Cigarette smoking is also on the decline, as is the percentage of students reporting that they've tried narcotics, according to a recent report from the Swedish Council for Information on Alcohol and Other Drugs (Centralförbundet för alkohol- och narkotikaupplysning - CAN), published on Tuesday in newspaper Dagens Nyheter.
In 2011, the percentage of ninth grade boys who've tried alcohol in the past year has sunk to 55 percent, which marks the lowest level since CAN began with their investigations in 1971.
Just ten years ago, that figure was 77 percent.
"We see similar developments in other Nordic countries, and also in the United States. It seems to be an international trend," said Björn Hibell, CAN's director, to Dagens Nyheter.
Although girls' alcohol consumption is also decreasing, 15-year-old girls are still somewhat more inclined to start drinking early compared to their male counterparts. According to CAN's report, 59 percent drank alcohol last year.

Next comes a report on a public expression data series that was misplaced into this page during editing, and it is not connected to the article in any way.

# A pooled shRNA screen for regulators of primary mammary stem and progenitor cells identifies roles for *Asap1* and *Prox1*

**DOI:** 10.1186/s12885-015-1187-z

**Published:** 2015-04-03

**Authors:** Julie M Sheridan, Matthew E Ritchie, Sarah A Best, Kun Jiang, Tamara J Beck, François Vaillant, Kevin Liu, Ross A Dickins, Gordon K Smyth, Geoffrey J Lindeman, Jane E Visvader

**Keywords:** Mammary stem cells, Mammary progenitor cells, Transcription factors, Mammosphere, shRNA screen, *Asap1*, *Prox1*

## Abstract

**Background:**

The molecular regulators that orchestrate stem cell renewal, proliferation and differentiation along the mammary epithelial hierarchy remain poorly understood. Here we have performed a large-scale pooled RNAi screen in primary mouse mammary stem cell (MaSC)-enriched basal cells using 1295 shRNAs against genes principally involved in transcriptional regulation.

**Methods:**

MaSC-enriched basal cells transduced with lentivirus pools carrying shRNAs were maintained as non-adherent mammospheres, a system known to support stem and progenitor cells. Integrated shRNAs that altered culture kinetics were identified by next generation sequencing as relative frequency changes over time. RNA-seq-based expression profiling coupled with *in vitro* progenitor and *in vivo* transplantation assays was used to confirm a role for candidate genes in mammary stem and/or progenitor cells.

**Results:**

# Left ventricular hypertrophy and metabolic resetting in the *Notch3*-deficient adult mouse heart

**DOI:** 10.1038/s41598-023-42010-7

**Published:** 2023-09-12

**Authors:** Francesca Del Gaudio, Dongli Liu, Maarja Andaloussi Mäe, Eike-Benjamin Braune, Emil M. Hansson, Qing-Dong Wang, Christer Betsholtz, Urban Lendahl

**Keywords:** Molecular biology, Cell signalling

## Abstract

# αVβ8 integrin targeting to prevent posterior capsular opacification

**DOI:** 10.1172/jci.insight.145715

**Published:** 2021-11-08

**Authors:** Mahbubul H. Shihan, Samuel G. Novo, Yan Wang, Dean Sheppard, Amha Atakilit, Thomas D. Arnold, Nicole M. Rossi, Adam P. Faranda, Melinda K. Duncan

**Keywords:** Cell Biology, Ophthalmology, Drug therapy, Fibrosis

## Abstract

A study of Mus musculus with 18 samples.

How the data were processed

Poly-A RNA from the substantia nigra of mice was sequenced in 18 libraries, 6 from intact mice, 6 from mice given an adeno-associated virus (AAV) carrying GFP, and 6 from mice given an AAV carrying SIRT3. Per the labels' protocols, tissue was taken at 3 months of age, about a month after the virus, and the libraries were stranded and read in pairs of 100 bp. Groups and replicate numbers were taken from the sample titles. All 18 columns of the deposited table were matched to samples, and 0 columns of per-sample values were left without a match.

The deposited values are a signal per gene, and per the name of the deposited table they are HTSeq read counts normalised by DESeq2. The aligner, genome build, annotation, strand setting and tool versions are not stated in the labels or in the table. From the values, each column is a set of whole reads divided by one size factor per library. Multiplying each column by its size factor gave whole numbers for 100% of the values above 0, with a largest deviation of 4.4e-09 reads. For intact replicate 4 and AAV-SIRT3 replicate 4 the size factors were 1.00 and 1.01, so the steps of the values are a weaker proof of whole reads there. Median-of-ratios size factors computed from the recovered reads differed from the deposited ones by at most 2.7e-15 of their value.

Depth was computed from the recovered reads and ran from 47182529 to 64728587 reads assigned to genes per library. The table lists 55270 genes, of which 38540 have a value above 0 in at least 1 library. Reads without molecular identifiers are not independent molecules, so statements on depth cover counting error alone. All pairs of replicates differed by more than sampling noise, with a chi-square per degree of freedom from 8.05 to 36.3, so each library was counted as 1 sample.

Björn Hibell believes boys' increased computer game habits may be part of the reason for their diminished interest in drinking.
"Sitting by the computer playing games is perhaps more boy-oriented than girl-oriented. That might be a contributing factor," he said to DN.
Sobriety organisation IOGT-NTO thinks the explanation lies with a new youth culture, where being alert is important.
"When you play computer games, or rehearse with your rock band, it doesn't work to be drunk. This is incredibly positive," said the organisation's head Anna Carlstedt to news agency TT.
More and more young people are choosing to be open with their sobriety. Youth sobriety organisation UNF has increased their membership figures.
"What new members often say is that they're incredibly tired of their parents drinking so much. In a way it's sad, but they describe it as a protest against the adult world."
Smoking figures are also declining. Last year 26 percent of girls and 19 percent of boys smoked cigarettes.
CAN investigates alcohol and drug use among 15 and 16 year-olds every year. In 2011's investigation, roughly 4,600 students participated in their anonymous classroom surveys.